Keep up with the times but stay connected to your roots – artist insights from Chitrakala Parishath exhibitions
In Part I of our photo essay on three Chitrakala Parishath exhibitions, we share pictorial highlights along with artist insights on technique and tradition.
Launched in 2014, PhotoSparks is a weekly feature from YourStory, with photographs that celebrate the spirit of creativity and innovation. In the earlier 430 posts, we featured an art festival, cartoon gallery. world music festival, telecom expo, millets fair, climate change expo, wildlife conference, startup festival, Diwali rangoli, and jazz festival.
Karnataka Chitrakala Parishath recently hosted three exhibitions in Bengaluru – Drama (by artist-designer Gouri Shirish Velhal), Journey (by Ravi Kulkarni), and Kala-Bhandavya (group exhibition by 10 artists).
The artist lineup of Kala-Bhandavya includes Somesh Swamy, Naveen Pattar, Asha Bhat, KR Basavarajachar, Suvarna Kamaskshi, Venkatesh PS, Koushik Krishna Hegde, Sarika Singh, Umesh Naik, and TN Patil.
The artists have studied from schools in Gulbarga, Bengaluru, Mysuru, Hampi, Manipal, Udupi, Delhi, and Goa. Some of these artists exhibited at the recent Chitra Santhe art fair as well (see our coverage here).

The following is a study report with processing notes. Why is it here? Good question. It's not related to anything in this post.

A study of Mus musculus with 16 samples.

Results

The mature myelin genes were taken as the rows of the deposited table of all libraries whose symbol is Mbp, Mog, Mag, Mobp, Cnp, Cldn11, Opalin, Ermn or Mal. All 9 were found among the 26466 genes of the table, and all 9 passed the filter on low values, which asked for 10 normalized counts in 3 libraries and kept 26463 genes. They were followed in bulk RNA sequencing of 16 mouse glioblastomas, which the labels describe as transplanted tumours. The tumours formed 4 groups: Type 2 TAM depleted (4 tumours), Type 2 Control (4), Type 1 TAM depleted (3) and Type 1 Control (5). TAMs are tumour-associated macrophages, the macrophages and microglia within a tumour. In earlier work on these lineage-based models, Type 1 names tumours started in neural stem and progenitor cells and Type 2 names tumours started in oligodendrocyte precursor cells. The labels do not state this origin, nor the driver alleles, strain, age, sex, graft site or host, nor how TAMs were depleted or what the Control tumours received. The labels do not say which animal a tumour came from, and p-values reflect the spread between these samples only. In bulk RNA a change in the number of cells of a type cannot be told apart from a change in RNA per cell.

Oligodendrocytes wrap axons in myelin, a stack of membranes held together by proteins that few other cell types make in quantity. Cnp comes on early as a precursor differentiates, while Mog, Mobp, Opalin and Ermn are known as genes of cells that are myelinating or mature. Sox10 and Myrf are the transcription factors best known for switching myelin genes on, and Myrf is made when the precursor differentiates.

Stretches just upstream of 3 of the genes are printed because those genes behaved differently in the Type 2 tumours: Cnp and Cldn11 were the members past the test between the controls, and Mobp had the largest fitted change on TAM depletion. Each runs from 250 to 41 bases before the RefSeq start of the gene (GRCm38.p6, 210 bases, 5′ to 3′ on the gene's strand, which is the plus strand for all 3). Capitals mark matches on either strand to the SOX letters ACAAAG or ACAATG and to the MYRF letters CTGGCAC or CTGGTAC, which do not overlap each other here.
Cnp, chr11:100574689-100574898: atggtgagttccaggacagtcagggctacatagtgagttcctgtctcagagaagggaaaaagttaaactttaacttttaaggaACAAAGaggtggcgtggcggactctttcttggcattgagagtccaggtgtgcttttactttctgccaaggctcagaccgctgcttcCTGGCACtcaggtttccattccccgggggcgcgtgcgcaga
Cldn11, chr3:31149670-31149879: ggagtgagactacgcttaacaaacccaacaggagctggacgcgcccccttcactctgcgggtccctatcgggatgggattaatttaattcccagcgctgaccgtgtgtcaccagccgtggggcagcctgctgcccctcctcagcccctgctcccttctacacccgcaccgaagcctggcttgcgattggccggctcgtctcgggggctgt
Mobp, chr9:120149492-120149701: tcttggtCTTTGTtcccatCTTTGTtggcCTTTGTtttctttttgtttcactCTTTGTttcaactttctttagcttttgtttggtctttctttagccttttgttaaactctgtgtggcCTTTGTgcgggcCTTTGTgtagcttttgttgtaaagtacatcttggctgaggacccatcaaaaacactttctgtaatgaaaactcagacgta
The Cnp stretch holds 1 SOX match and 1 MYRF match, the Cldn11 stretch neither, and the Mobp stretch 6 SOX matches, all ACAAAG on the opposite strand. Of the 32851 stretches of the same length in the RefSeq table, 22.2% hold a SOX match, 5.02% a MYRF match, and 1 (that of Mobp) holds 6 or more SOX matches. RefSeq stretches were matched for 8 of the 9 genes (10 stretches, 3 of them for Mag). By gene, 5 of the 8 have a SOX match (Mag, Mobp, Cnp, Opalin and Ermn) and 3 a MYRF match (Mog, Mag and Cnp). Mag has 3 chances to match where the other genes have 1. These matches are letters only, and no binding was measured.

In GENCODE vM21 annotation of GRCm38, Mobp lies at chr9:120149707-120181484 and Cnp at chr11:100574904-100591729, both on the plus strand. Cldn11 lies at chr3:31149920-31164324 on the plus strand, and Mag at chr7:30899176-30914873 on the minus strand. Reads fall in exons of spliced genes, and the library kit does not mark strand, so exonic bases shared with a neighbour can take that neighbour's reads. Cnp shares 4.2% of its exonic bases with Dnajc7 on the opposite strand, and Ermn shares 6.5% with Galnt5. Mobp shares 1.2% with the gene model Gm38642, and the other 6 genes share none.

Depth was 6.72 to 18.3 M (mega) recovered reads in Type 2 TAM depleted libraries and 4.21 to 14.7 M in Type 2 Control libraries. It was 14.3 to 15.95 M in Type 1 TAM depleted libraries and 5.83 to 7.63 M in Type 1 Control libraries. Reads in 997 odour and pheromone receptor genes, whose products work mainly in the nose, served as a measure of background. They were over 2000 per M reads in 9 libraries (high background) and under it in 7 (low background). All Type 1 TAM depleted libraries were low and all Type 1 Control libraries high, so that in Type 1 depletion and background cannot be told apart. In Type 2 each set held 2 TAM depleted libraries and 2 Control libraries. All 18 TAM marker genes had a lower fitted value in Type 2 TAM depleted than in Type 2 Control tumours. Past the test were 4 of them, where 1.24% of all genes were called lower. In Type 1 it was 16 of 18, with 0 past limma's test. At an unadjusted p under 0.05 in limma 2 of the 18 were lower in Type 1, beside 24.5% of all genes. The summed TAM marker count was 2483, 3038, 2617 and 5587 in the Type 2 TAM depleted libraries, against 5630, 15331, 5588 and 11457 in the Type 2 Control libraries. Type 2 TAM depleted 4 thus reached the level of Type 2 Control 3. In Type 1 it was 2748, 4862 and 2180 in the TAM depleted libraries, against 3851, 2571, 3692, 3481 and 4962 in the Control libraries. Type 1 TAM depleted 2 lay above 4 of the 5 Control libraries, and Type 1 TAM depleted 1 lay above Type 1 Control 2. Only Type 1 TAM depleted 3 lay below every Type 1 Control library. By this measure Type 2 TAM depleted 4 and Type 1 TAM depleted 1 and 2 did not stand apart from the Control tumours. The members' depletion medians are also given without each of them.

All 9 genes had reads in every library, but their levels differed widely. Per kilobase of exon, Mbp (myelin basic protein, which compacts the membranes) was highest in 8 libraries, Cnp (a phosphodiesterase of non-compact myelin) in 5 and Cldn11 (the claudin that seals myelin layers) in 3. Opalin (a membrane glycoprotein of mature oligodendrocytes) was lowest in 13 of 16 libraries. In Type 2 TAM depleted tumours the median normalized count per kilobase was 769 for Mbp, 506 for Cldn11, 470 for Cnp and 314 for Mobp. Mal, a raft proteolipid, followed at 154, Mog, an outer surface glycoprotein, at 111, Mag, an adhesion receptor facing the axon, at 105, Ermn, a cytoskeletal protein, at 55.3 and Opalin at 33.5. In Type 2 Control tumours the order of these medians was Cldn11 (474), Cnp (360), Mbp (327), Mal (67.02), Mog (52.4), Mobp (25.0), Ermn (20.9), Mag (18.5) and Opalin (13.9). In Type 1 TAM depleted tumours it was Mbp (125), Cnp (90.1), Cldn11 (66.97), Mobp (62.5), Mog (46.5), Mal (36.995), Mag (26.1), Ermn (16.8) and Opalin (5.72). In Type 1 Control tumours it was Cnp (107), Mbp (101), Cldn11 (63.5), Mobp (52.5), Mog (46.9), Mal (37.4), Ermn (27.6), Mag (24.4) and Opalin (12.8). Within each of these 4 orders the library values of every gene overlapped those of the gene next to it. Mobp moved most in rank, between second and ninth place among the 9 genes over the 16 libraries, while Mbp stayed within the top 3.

For the Kala-Bhandavya exhibition, Sarika Singh prepared a range of abstract landscapes, priced at Rs 55,000. Her journey over the years has been satisfying for her, thanks to audience appreciation of technique, colours and themes.
“Over the years, I have started using a mix of both oil as well as acrylic. I use heavy textures in my artworks and extensive use of the knife,” she explains, in a chat with YourStory. With this technique, abstract landscapes come out quite well, she adds.
“There is no substitute for hard work and patience. Try to play and experiment with your techniques to develop your own style,” Sarika advises aspiring artists.
For Naveen Pattar, art is an exploration of the soul, and success consists of deeper inner journeys as well as the outward manifestation through exhibitions in India and abroad. “Artworks are conversations, and they provide confidence as well as satisfaction,” he explains.
He calls for more awareness and appreciation of art in India, and more exposure to students about the broader ecosystem of art. This ranges from art dealership to art entrepreneurship.
For the CKP exhibition, he prepared a series of paintings reflecting culture and rituals, called Behind the Screen. “We are living fast-moving lives these days, and are forgetting our origins, roots and history,” Naveen cautions.
His artworks are priced from Rs 60,000 to Rs 1 lakh. Showcasing them in galleries brings not just appreciation but also suggestions for new directions and themes. Both audience and artist enjoy the interactions and learn more, he adds.
“Exhibitions help improve myself and my artworks,” Naveen affirms. As trends in India, he points to the rise of modern art, but also cautions that artists should be make their works understandable by broader audiences if they want more appreciation.
He also offers tips to aspiring artists. “Express yourselves but also address the threats to society and to what creativity represents,” Naveen signs off.
Now, what have you done today to pause in your busy schedule and persevere in exploring all facets of your creative side?